Contact:
Jonathan Potts
412-268-6094

For immediate release:
October 3, 2005

Carnegie Mellon History Department Will Spearhead Pittsburgh African-American Oral History Project

Pittsburgh will be a case study of America's post-World War II black communities

PITTSBURGH—The Center for Africanamerican Urban Studies and the Economy (CAUSE) in the Department of History at Carnegie Mellon University will launch a three-year oral history project beginning in 2006 on African Americans in the city of Pittsburgh since World War II.

This project will collect and preserve the memories of the first and second post-World War II generations of African Americans through recordings of their oral recollections as they entered the work force, started families, built communities and waged struggles against inequality. In collaboration with archivists at Carnegie Mellon's Hunt Library, the recordings will be transcribed and be available electronically and in manuscript format, not only for scholars but for the entire Pittsburgh community. The post-World War II period has been neglected by historians studying African-American history, and one goal of the project will be to foster the spread of historical scholarship into this era and recruit a new generation of scholars into the study of black history.

"The post-World War II years are replete with unanswered questions about the nature of black migration, work, culture and political change from the vantage point of ordinary people and everyday life," said Mellon Professor of History Joe W. Trotter, who is the director of CAUSE.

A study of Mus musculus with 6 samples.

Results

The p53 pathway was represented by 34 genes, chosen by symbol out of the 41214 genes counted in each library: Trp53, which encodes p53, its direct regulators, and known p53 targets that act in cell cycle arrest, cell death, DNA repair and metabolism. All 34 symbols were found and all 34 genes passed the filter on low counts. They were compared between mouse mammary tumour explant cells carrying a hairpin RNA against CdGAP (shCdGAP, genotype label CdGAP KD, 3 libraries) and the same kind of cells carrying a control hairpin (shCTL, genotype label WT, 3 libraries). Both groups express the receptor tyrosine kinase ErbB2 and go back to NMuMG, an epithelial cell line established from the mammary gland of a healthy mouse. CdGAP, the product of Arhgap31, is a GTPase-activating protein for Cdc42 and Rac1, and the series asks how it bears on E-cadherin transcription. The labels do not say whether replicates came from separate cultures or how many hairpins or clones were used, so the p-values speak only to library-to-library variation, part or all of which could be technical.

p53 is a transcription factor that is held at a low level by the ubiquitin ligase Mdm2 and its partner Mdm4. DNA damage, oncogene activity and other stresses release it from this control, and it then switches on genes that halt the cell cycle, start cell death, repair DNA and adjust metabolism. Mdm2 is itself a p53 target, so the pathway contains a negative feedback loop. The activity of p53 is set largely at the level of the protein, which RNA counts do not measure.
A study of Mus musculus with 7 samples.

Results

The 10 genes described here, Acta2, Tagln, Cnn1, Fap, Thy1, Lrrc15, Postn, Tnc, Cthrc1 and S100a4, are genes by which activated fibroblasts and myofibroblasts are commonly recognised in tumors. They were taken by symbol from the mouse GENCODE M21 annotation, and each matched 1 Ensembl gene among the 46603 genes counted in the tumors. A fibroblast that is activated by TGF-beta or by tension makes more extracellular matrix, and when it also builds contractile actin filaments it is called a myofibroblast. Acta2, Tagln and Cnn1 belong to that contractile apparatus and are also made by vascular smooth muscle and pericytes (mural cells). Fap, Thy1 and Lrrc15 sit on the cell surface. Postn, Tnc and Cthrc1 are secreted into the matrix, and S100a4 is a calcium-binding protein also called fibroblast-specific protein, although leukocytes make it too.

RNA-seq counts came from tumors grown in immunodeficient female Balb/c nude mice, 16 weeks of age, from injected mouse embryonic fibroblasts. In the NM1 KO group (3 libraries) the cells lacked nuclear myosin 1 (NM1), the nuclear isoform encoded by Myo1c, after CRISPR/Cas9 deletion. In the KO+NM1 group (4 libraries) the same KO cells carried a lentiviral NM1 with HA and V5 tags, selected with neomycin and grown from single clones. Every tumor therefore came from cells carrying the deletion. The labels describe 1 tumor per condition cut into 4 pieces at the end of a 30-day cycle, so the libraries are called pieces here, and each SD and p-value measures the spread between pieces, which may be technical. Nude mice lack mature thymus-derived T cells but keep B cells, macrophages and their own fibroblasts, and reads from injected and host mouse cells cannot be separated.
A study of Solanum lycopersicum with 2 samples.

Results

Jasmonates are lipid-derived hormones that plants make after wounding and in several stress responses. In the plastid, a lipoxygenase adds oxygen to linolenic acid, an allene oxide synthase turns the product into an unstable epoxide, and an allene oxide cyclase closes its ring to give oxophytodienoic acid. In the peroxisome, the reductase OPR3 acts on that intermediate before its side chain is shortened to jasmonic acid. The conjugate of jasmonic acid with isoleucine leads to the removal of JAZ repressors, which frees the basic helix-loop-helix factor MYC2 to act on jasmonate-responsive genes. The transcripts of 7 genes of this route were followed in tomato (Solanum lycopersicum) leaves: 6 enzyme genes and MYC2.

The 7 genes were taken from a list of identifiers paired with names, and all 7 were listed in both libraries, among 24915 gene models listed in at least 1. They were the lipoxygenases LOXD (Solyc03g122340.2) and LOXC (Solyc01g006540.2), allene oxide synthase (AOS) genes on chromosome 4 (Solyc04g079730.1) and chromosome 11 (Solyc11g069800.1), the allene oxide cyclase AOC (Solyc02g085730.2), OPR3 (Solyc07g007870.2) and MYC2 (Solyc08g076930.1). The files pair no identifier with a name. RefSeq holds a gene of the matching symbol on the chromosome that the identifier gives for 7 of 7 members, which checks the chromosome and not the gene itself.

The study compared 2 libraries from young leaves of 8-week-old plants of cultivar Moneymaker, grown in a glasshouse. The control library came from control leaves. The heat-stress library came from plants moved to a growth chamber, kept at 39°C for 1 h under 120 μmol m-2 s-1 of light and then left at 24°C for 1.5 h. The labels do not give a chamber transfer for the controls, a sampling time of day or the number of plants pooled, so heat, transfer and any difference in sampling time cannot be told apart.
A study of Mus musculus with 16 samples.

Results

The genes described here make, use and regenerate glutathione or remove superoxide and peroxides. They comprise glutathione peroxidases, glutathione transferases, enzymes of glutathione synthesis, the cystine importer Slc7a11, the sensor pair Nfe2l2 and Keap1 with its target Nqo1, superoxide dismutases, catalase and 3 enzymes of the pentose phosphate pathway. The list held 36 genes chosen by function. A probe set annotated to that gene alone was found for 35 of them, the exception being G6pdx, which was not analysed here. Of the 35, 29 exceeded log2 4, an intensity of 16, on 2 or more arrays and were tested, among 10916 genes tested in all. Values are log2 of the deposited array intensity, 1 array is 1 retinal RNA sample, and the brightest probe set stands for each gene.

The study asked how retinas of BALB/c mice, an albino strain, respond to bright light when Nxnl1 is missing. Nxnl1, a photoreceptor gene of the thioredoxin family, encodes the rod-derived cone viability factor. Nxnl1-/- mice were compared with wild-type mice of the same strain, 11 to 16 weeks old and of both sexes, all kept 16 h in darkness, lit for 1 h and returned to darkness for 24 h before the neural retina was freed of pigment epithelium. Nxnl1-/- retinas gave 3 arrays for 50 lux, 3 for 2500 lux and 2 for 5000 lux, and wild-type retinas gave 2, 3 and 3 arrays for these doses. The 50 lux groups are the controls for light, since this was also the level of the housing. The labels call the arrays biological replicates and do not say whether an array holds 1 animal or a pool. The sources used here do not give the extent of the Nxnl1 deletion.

The Pittsburgh oral history project will be a case study of the urban African American experience since World War II and will provide a model for similar studies throughout the United States. "As the principal urban symbol of the nation's industrial history, Pittsburgh offers an unusual opportunity to capture the racial and class dimensions of an era that is rapidly fading from historical memory," Trotter said.

Pittsburgh's African American community has a rich and storied history. The Pittsburgh Courier, for example, was the nation's best known black newspaper, and the Hill District was arguably the most culturally and intellectually vibrant African American neighborhood outside of Harlem.

"Pittsburgh is important in the life of the African American community. Because of where it is located and its image as a working-class community, it had a profound impact on the development of the class structure in the African American community," Trotter said.

CAUSE aims to link the historian's interest in race, work and economic change over time with contemporary analyses of politics, the urban labor force and employment policies. It develops programs of graduate and postdoctoral training, scholarly research, data collection, publications and education. For more information on CAUSE visit http://www.hss.cmu.edu/cause/.